Virginia Court Declares Johnathon Montgomery an Innocent Man

 
"This is even better of a feeling," Montgomery said. "Even just getting out of prison, I was still stuck in a proverbial prison … (So) it means more. It means that not only am I out of prison, but I'm away from all that … and I can get on with my life." 

A “proverbial prison”, that is exactly what the Sex Offender Registry is! 

As a registered sex offender, he said, "I couldn't go near a park, near a school, or near a day care." He has needed to meet regularly with his probation officer, and get approval to go out of town. Because of his felony convictions, he said, he was turned down by 130 potential employers. 

Thank God justice was finally served for this young man, but how many more innocent Virginians (men and women) were wrongly convicted because Virginia’s poorly written statutes allows an accusation alone with no corroboration to convict people in sexual cases?
 

Virginia court declares Johnathon Montgomery an innocent man
Virginia Court of Appeals grants writ of actual innocence
December 20, 2013  

HAMPTON — It's official: Johnathon Montgomery is an innocent man. 

The Virginia Court of Appeals on Friday granted Montgomery a "writ of actual innocence," meaning the three felony sexual assault convictions against him are forever wiped away.  

All court records of his guilt in Hampton Circuit Court are to be expunged, and he no longer has to register as a sex offender.

"We hold that Montgomery has met his burden … of establishing that he is actually innocent of the crimes for which he is convicted," a three-judge panel of the court wrote in its opinion. "Accordingly … this Court grants Mongtomery's petition."
 
From his father's home in North Carolina, Montgomery, now 27, expressed elation with the news, saying that being declared innocent is a bigger deal to him than getting out of prison a year ago. 

"This is even better of a feeling," Montgomery said. "Even just getting out of prison, I was still stuck in a proverbial prison … (So) it means more. It means that not only am I out of prison, but I'm away from all that … and I can get on with my life." 

As a registered sex offender, he said, "I couldn't go near a park, near a school, or near a day care." He has needed to meet regularly with his probation officer, and get approval to go out of town. Because of his felony convictions, he said, he was turned down by 130 potential employers. 

But with everything now being wiped away, he said, those burdens will be greatly reduced, and he will be able to enjoy Christmas. And, he hopes to soon land work in his chosen field of computer technology. "This will be a lot easier on me personally," he said. 

'An injustice has been done' 

It was five years ago that Montgomery was pronounced guilty in Hampton Circuit Court. That came after a 17-year-old girl took the witness stand and lied under oath, saying Montgomery had assaulted her outside her grandmother's house nearly eight years earlier, when he was 14 and she was 10.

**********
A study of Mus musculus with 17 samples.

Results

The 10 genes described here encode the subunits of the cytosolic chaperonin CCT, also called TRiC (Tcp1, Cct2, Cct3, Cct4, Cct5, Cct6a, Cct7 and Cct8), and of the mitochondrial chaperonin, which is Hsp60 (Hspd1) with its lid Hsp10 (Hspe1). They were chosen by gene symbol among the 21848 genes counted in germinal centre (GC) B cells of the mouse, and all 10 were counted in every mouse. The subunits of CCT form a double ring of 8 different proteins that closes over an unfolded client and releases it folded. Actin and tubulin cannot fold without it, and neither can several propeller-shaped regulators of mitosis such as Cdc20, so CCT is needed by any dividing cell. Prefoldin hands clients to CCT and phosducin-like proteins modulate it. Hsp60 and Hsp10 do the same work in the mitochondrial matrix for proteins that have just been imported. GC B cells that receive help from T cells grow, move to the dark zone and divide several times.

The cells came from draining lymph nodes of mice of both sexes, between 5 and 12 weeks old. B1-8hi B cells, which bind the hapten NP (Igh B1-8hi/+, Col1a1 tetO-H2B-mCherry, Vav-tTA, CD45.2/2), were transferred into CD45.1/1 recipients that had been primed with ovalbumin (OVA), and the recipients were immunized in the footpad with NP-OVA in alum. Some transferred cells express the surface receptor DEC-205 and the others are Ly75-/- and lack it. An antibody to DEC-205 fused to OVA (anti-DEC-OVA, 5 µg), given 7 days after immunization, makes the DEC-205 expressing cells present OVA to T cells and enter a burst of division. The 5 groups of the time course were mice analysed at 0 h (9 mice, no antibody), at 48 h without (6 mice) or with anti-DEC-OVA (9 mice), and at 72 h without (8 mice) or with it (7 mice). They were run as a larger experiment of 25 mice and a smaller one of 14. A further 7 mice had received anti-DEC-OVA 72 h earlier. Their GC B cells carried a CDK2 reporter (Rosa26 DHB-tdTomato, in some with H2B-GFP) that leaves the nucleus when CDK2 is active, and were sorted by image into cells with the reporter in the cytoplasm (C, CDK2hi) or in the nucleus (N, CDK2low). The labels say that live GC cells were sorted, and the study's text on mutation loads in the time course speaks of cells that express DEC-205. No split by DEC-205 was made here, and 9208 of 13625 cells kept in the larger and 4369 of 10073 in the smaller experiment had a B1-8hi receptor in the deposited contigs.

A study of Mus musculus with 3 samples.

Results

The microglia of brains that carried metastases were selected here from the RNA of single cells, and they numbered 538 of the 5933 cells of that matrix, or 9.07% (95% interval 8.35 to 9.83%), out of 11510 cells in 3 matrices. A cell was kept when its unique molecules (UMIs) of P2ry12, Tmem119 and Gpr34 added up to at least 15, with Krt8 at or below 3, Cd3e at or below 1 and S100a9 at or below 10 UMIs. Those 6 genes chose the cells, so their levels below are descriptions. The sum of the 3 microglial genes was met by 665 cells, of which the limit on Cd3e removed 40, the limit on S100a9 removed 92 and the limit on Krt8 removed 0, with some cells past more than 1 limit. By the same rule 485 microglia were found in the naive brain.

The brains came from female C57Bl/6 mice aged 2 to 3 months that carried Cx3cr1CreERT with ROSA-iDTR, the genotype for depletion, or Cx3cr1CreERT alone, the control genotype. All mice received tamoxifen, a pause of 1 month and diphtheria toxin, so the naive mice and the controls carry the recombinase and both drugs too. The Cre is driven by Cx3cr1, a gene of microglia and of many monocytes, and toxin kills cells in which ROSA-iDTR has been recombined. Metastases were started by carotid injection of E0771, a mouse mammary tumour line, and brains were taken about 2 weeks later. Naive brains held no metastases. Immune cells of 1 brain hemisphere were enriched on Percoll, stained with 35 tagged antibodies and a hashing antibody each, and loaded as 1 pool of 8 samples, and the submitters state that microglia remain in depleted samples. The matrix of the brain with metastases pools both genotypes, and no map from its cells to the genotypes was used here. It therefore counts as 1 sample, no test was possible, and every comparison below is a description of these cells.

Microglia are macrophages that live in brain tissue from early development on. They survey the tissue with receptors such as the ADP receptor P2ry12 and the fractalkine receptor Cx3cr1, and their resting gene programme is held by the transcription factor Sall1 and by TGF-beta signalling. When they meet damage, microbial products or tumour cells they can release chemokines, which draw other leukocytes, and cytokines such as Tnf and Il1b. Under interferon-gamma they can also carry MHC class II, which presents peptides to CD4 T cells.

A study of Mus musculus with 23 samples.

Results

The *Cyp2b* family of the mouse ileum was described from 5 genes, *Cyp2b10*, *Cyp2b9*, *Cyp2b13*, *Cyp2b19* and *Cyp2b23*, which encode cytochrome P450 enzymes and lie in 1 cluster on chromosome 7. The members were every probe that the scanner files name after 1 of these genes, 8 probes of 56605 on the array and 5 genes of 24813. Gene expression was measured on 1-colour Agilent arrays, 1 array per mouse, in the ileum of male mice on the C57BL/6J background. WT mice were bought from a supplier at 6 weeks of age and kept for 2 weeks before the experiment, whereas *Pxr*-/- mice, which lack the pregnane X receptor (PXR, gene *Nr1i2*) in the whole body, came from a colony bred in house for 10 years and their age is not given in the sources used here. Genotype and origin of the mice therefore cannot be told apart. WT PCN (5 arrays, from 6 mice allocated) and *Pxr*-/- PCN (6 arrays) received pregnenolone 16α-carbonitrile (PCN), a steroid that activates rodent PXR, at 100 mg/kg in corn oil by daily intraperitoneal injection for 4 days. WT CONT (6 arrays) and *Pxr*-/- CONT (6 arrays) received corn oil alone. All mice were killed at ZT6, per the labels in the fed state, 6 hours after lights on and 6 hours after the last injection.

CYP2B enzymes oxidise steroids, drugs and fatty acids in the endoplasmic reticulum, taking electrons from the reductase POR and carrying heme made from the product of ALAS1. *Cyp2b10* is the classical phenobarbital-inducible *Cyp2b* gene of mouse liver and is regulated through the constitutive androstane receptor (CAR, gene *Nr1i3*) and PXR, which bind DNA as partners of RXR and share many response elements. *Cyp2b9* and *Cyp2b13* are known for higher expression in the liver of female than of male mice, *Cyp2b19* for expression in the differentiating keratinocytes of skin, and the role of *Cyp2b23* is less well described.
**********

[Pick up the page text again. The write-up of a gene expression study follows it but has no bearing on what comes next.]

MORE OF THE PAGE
Montgomery was found guilty and sentenced to 7 1/2 years to serve. 

But after he had served four years in prison, Montgomery's accuser, Elizabeth Paige Coast, came forward last year to say she had lied at the 2008 trial — and that she had made up the entire tale. Earlier this year, she was convicted of one count of perjury — a verdict the appeals court said played a significant factor in Friday's ruling. 

In its 16-page opinion, the appeals court said changing stories by witnesses are correctly viewed with suspicion by the justice system. "Because victims' recantations are often unreliable, it is rare that a petitioner can offer clear and convincing evidence that the recantation is true and it is the trial testimony that is false," the court said.

But the Montgomery case, the court said, "presents an uncommon situation." That is, Coast's perjury conviction, which is rare in rare in recantation cases, establishes the falsity of her testimony "beyond a reasonable doubt." 

That's significant, the court said, because the case against Montgomery "rested entirely on Coast's word." If the new information were available at Montgomery's trial, the court ruled, no rational judge or jury could have found him guilty. 

"Absent Coast's original testimony, the record contains no evidence of Montgomery's guilt," the court ruled. "There are no witnesses who testified that the incident ever occurred. There is no physical evidence that a crime ever happened."

The court's decision comes a month after a hearing in which Attorney General Ken Cuccinelli strongly backed Montgomery's innocence petition — personally arguing a case in court for only the fourth time in his four-year tenure as attorney general.
 
"We have come to the conclusion that not only has justice not been done, but an injustice has been done," Cuccinelli said in November, saying his job is not to protect convictions but "to seek the ends of justice."

'Finally'

On Friday, Cuccinelli expressed appreciation with the ruling. "We're gratified for the court's quick decision in exonerating Johnathon, and we're glad that this is an early Christmas present for him," he said. "I'm thankful that justice has finally been served."